Hops abrew in Montana

Montanans are known for their love of good, hearty beer, and that love is spilling over into the hops industry.

According to the Montana Brewers Association, a statewide association of breweries organized for the purpose of promoting the production and sales of Montana beers, there are 53 licensed breweries operating in the state, up from just 33 licensed breweries four years ago. Montana breweries use more than 7 million pounds of malted grain annually, approximately half of which is grown in the state. With sales in 24 states to more than 5,000 retailers, the beer industry generates approximately $36 million in revenue with more than 500 employees.

Montana is already well known as a premier malt barley producer, but Joshua Townsley, MBA president and owner of Tamarack Brewery in Missoula, Mont., says brewers across the state also want locally sourced hops.

“People are looking for different flavor profiles,” he says. “Hops are kind of the spice of life — the things that give different variety. These are all the unique things that people look to when they want different flavor profiles and complexities.”

Craft breweries use more hops per barrel than corporate producers, so as the craft beer industry has increased the production of hops has, as well. In terms of total market share, the craft beer industry accounts for about 13 percent of the beer industry.

Increased presence

Nearly 40 years ago, there were fewer than 100 breweries across the nation. At the end of last year, however, nearly 4,200 breweries were operating in the U.S.

Tom Blitz, owner and founder of Glacier Hops, says the net number of new breweries is about one every 11 hours, and hops production worldwide is on the incline as the beer industry decentralizes from big producers to local brewers.

Blitz began growing hops in Whitefish, Mont., three and a half years ago as a trial project considering the potential for a new commercial crop and to identify which of the 46 varieties currently being grown will best meet the needs of Montana brewers. Providing fresh hops in-season, Glacier Hops offers hops grown in Montana in both pellet and dried whole leaf form, as well as high-quality imported hops from Germany, Czechoslovakia and Slovenia, and numerous proprietary U.S. varieties.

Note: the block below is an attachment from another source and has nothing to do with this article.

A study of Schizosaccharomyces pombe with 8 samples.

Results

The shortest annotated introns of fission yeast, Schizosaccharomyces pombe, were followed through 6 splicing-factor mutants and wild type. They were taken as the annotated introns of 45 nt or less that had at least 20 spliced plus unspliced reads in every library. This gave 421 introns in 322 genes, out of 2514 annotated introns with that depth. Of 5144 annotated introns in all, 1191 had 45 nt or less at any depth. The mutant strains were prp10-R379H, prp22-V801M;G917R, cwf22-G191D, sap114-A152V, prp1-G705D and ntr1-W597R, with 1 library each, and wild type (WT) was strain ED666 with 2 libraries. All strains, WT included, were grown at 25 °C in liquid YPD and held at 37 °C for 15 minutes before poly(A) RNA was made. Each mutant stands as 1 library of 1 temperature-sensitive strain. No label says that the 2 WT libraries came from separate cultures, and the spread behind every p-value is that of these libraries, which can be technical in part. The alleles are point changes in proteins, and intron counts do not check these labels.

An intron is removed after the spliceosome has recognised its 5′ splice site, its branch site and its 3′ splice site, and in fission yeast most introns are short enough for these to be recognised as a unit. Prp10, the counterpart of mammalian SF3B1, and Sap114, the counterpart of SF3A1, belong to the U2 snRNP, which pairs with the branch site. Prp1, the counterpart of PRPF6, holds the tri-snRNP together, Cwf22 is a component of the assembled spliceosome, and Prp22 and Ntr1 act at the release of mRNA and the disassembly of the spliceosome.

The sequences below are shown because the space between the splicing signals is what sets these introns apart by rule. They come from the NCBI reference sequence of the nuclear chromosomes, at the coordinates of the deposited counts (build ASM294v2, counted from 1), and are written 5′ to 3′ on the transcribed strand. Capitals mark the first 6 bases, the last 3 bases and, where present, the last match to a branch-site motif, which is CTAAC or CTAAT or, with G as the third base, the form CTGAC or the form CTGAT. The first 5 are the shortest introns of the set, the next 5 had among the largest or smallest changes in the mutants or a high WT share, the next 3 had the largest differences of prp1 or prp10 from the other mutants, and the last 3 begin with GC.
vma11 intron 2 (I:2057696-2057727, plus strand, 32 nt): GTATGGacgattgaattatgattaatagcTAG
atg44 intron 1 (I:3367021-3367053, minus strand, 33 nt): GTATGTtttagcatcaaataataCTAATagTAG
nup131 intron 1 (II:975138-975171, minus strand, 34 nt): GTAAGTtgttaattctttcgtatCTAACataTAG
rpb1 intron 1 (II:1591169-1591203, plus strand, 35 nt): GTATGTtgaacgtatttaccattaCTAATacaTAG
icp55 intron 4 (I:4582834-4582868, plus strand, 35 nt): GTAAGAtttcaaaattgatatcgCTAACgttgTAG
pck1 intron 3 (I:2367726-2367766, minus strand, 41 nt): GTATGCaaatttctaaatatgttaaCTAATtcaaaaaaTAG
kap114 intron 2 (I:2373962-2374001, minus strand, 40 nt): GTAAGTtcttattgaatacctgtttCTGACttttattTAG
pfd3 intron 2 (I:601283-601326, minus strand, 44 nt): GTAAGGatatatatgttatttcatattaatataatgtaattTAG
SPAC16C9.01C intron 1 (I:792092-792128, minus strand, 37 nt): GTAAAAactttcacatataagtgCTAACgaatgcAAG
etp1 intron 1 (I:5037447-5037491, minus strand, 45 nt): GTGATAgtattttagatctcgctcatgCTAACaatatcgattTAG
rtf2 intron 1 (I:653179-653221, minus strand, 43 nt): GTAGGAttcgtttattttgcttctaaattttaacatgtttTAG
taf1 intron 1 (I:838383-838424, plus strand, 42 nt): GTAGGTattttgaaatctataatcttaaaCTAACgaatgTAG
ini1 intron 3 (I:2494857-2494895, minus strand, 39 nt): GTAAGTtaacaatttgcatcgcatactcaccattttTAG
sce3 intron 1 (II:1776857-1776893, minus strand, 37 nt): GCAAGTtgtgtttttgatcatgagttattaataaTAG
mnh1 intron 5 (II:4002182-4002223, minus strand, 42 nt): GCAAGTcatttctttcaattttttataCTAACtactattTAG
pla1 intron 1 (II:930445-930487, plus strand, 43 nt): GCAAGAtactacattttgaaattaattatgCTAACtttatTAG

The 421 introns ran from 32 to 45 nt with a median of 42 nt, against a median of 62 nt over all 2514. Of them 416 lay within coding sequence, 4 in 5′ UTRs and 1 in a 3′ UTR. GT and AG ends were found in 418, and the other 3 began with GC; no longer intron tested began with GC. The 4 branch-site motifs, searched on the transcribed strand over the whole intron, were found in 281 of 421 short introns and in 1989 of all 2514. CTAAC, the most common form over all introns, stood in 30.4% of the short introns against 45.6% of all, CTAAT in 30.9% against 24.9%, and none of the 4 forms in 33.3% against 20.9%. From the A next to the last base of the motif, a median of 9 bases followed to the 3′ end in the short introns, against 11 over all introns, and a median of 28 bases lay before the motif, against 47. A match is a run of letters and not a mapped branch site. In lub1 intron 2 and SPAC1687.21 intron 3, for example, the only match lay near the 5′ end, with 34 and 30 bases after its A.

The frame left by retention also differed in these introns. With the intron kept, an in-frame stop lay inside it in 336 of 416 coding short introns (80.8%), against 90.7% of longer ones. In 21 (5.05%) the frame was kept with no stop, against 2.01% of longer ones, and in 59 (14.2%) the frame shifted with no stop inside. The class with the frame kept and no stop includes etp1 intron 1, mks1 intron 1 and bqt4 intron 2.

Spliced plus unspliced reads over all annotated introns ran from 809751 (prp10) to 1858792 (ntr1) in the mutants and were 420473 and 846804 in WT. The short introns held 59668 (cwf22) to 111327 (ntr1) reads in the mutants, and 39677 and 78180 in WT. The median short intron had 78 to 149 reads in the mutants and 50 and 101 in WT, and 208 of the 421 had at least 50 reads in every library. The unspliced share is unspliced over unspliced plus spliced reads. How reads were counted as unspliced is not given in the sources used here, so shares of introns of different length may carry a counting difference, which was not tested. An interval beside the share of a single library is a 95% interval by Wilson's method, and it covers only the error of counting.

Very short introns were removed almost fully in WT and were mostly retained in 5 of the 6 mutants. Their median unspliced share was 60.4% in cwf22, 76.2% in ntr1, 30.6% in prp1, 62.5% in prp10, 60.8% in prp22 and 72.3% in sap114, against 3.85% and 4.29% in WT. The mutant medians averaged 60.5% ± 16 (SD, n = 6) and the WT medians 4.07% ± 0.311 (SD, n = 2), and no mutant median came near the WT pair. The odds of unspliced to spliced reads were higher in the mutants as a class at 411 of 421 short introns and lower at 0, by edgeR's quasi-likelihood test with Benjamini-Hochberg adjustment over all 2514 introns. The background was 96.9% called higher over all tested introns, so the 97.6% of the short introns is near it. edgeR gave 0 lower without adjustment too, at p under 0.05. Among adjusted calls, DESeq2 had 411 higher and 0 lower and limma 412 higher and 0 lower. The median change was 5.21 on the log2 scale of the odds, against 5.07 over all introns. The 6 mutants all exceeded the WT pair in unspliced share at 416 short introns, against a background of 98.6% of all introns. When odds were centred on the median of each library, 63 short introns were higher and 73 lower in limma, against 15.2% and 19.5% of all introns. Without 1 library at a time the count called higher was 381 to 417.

In 2015, domestic hops production was at its highest since 1992, with an average of 1,807 pounds harvested per acre at an average price of $4.38 per pound. This makes the U.S. the world’s largest hops producer, holding 38 percent of the world’s hops acreage and percentage share. Nearly all commercially grown hops in the nation come from Washington, Oregon or Idaho.

Matt Blair, a professional brewer at Draught Works in Missoula, Mont., has been brewing for 6 years and has seen a move toward more locally grown hops.

“It’s cool to be a part of a place that supplies the world with brewing malt, and we have that resource right here at home,” he says. “As far as hops go, people are starting to figure it out and make movements to make a hop farm happen. That’s exciting for us brewers here, because it keeps local ingredients at hand.”

A sensitive growth

Growing hops is a precarious and difficult production all too familiar to Blitz.

The hop is a dried cone that must be removed from its brine and dehydrated within 24-hours to stabilize and preserve the unique oils and acids needed for brewing. The dried, featherweight cones are then compacted into bales, frozen and packaged in a UV-resistant Mylar packaging with a nitrogen flush to remove damaging oxygen. Only a small percentage of hops can be used fresh, and that is typically only during harvest season. Paired with a sensitive growing cycle and a need for specialized equipment, Blitz recommends hops is not for the faint of heart.

“There is a temptation in agriculture to look for the next great alternative crop, but growing hops is a commitment,” he says. “It is a much bigger endeavor than I had ever dreamed about. I didn’t know what I didn’t know. Hops are unlike most crops in Montana, and it is most like growing grapes from a capital and labor perspective.”

Throughout the course of the study, Blitz has created a vertically integrated harvesting and processing operation. Because of their sensitive nature, he says the critical issue lies in the time it takes to transport hops from where they are grown to where they will be processed. For his operation, that is 10 miles.

Blitz believes the future of the Montana hops industry has potential, but it will take time to build because of the attention craft brewers have to quality. Those in the brewery industry look forward to the day when there can be a “Made only in Montana” beer.

“People love Montana and the image that it conjures up,” Townsley says. “There are few places left in this world that leaves that image of something that people want to be a part of.”